Updated Monday, 2nd April 2012

Spot the unusual terminology in Bang's 'Crowd Pressure' episode? Stephen Serjeant and Ian Johnston explain how scientists sometimes abbreviate units when talking to each other


... the pressure on the barrier was 2.67 kilonewtons per metre.

You may be surprised to hear a measurement of ‘pressure’ expressed in ‘kilonewtons per metre’. Of course, pressure can be measured using various units, but all essentially describe a force per unit area. What crowd scientists describe as ‘crowd pressure’ is actually a measure of force over a linear distance – a metre. They measure it using a linear barrier along the front of the crowd, recording the overall force exerted by the crowd, and giving them a figure per metre that can be compared between crowds of any size.

You might also have noticed that Jem and the Professor go on to discuss measurements such as '1.2 kilonewtons'. Don’t be confused. For convenience they are simply abbreviating the actual units used. In fact they are still quoting kilonewtons per metre in every case.

During the film, Jem also makes a comparison:

To translate, that’s over a quarter of a tonne of crowd pressure. I mean, that’s like a small horse falling on you!

Of course a quarter of a tonne is not a pressure either—it is a mass. But Jem makes this comparison so that it’s easier to appreciate what 2.67 kN/m might actually feel like if you were on the receiving end. Don’t worry, he’s not mistakenly suggesting that pressures are measured in tonnes.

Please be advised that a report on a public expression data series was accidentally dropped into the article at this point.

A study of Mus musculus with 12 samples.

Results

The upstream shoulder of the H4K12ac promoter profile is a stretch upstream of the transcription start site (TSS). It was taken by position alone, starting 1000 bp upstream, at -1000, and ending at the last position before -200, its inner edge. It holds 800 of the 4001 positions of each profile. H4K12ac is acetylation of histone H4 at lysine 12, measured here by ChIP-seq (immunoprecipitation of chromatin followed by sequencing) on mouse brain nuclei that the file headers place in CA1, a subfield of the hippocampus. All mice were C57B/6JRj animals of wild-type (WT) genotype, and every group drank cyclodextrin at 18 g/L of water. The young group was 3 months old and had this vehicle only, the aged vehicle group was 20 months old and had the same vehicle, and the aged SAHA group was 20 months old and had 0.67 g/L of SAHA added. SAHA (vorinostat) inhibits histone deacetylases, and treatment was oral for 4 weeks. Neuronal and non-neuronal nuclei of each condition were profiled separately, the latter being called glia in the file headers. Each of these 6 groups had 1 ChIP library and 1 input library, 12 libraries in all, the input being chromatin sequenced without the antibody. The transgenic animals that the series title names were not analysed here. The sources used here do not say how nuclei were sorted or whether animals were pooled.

It’s worth remembering that when scientists talk to each other, they often use abbreviations and sloppy jargon when they’re sure there’s no risk of being misunderstood. So when Jem's talking about a force of a quarter of a tonne (along a metre-length of crowd), he's talking like a professional, because both he and the Professor know he's referring to the weight that a quarter-tonne of something has, like the weight of a small horse. We hope this professional-style mixing of mass and weight isn't too confusing!

The Open University’s Stephen Serjeant and Ian Johnston explain further:

Among themselves, physicists sometimes refer to weights in mass units because it's understood that everyone involved will know the difference between mass and weight. Mass is how much stuff there is (e.g. an entire horse), and weight is how hard it's pushing down on the ground (for a horse —heavy!). Mass and weight go in proportion, meaning that if you double the mass (two horses) you double the weight. That's why weight units and mass units are sometimes mixed up, but strictly speaking they're different things.

You probably do something like this every time you weigh yourself at home. Your bathroom scales measure how much you weigh, but most scales are marked in kilogrammes, and kilogrammes are a measure of mass. Your scales will give you a true answer in the Earth's gravity, but if you take your scales to the Moon, where you weigh less, your scales will tell you the wrong mass in kg.

If it helps, remember that if a horse were on the Moon, it would weigh less, but it would still have a mass of a quarter of a tonne. Remember, mass is how much stuff there is, weight is how hard it's pushing down on the ground. And if it helps even more, consider this:

Q. What's the heaviest aircraft you can fly on a private pilot's licence?
A. A hot air balloon. Typical weight: zero. Typical mass: several tonnes!